I look forward to Christmas at Granny’s every year. It’s at her house on the farm in Gippsland Victoria, where my Mum and her siblings grew up. There’s a lot of history there and a lot of beauty. At full capacity there’s forty-six of us; aunties, uncles, cousins and kids of cousins. We come together and talk, give presents, have a glass of wine or a cup of creamy soda, snack on some not-so-fresh lollies from the “go easy please” jar, bask in the country sun surrounded by green hills and the soft rustle of the trees. I love Christmas at Granny’s.
It starts off with the crunch of tyres on the driveway, cars rolling in. One by one the families arrive, arms heavy with presents, eskys or bleary eyed toddlers who slept on the way. Big smiles from everyone, “We’re here, we’re at Granny’s for Christmas”. Already the kitchen is buzzing with activity, bowls laid out, fridge filling up and kisses hello all round. The chatter slowly builds until we find ourselves shouting to be heard over the dozens of conversations all around, as we catch up with what has been happening in each other’s lives. It’s always interesting talking to my family. Happenings include adventures on the farm (snakes, bulls, tractors), studies, jobs, girlfriends, boyfriends, babies, bellies, health, houses, holidays, birthdays, boating, festivals, shows, bands, gigs and travels.
We wait as long as possible before the food goes cold for the stragglers to arrive. Then it’s lunch. Aunty Kerry is a lady with a loud voice and an ear-piercing whistle who lets us know the food is ON. We queue up with our plates and fill ‘em up with salads, veggies, cold-meats, hot-meats, relishes and gravy. The table is a loooong one (five actually), decorated with green cloth, some bon-bons and something sparkly. Christmas hats on, the chatter continues. When Grandpa was around, it was his self-appointed job to say grace. He had a quiet voice that was hard to hear over the racket. Uncle Mark would shoosh us all up so we could hear him. “For what we are about to receive...” with great effort we would pause, forks in the air, mouths open. “Shoosh, Grandpa is ….” But it was always too late. Grace is gone, the roast is eaten. Back to chatter then. I miss Grandpa’s grace.
The table is kind of split between kids and grown- ups. I’ve always felt comfortable at either end, as a kid and as an adult. I think that’s the best thing about our family, that we can all find common ground no matter what age. I love hearing the young one’s tales of “what Santa brought” or “my new teacher’s name” and the older one’s “I found a great wine” or “have you heard this new band…” The chatter goes on and it’s tidy up time. Some meander outside to talk more, digest, catch some country breeze. The particularly Christmassy are still wearing their Christmas hats. Aunty Rob’s Christmas pud is next; always rich, fruity, the cream packing a serious brandy punch. Delish.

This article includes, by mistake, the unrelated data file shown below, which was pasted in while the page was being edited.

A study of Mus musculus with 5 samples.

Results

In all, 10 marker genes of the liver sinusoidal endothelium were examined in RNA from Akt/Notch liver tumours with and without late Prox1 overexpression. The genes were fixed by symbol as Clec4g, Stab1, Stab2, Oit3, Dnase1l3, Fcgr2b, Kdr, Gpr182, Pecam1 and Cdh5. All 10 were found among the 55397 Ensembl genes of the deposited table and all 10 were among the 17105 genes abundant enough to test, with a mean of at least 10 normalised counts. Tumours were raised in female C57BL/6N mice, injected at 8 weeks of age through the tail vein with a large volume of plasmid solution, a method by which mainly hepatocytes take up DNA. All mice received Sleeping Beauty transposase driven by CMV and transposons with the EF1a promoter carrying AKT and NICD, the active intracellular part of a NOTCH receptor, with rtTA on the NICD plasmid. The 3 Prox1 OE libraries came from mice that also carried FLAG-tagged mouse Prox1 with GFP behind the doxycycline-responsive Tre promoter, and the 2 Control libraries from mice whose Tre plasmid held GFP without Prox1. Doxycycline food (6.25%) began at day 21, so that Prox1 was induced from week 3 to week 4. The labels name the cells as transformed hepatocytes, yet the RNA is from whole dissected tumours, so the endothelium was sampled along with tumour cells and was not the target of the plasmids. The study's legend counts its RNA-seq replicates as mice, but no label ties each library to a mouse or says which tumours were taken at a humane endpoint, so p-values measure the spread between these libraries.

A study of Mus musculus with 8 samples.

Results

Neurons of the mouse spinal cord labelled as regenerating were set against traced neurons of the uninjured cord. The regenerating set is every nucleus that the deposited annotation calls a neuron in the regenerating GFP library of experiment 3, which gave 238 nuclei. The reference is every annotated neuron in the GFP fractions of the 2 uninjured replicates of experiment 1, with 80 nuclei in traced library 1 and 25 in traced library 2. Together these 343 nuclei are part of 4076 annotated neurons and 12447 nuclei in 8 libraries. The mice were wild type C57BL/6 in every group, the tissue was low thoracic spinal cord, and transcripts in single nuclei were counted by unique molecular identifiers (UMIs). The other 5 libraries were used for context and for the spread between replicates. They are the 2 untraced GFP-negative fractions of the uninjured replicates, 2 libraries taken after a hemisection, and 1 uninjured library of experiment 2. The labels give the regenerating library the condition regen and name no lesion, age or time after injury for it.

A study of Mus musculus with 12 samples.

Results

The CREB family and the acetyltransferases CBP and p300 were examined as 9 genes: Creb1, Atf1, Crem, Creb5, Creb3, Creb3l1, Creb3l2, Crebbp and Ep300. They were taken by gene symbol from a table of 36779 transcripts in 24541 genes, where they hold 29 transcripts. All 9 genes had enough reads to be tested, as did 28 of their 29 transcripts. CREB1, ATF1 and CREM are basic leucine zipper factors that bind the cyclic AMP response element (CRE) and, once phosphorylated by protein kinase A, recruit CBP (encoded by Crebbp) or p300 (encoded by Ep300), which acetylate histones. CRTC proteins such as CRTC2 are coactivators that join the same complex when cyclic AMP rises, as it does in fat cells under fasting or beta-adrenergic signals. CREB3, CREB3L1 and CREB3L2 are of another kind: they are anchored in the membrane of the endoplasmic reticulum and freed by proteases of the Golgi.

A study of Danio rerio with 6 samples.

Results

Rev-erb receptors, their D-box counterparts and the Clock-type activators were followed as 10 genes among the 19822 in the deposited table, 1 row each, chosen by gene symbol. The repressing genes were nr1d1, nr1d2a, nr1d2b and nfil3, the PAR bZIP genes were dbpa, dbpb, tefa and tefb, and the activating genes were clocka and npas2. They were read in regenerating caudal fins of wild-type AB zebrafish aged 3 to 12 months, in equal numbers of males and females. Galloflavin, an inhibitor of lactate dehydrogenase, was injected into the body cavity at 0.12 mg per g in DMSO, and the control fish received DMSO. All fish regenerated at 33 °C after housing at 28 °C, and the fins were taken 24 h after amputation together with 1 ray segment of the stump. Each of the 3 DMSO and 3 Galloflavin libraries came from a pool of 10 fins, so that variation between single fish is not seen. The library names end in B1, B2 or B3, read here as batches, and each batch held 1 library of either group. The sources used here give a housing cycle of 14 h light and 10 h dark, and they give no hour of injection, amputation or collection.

Cue Aunty Kerry. “Christmas treeeeeeeeee!” The kids burn inside to get their spot closest to Granny with her Santa hat on; the matriarch/Mrs Claus of the family. With a booming voice she calls our names, one by one. Suddenly it’s chaos, it’s loud it’s frantic with paper tearing, exclamations of “Oh wow!” and “Oh. Wow”. It’s all a flurry. The presents are bit of pot-luck or unluck. The thought is always counted though and it’s all a bit of fun. I recall with fondness a floppy leather “sun-hat” and a fluffy detachable collar to “smarten up any outfit.” Ahhh Christmas at Granny’s.
The family photo happens if it’s a year we’re all there. It’s a little bit stressful, and more than a little bit annoying getting everyone in one place to look in one direction at one time. Kerry’s whistle gets a work out and yes it works, she gets us into gear, the photo gets done. Glad when that part is over, but glad to have the snap too.
The afternoon takes on a more relaxed pace. We spread out into little groups. The under-the-tree group, the doing-the-dishes-group, the still-at-the-table-group and the kids-running-around-group. There is usually a kick-to-kick or game of cricket happening out the front. The odd person disappears for a nap to sleep off a hangover or just recover from lunch. There is a much welcomed lull, helped along by the hot summer sun.
Seconds are served at around 6pm. We’re full from lunch but we pile up our plates anyway. The noise level rises again, as we squeeze out all our questions and conversation before the day ends and everyone has to leave. Tables get folded up, the vacuum comes out. The bench is crammed with washed dishes. Calls of “take some pudding home” and “who does this belong to?” ring out.
Goodbyes are prolonged. We’ve gotta say goodbye to this family, that family and that family again. Hugs and kisses, cars rolling out. We cross the little bridge and drive off into the night. The kids are already getting sleepy. Another Christmas at Granny’s, always as good as the last.
Our Christmas may not be particularly unique or different, but it is special to me and that’s why I felt the need to write it down. For Granny, for us. Because it will change. Families grow and divide, people pass on and people move. Granny will not be in that house on the farm forever. For all it’s splendour it can be lonely and isolating for a lady of 85. And when Christmas at Granny’s is no longer, I want to know that these moments did not pass me by. I want to know that I noticed how lucky we are.
What are your special Christmas memories?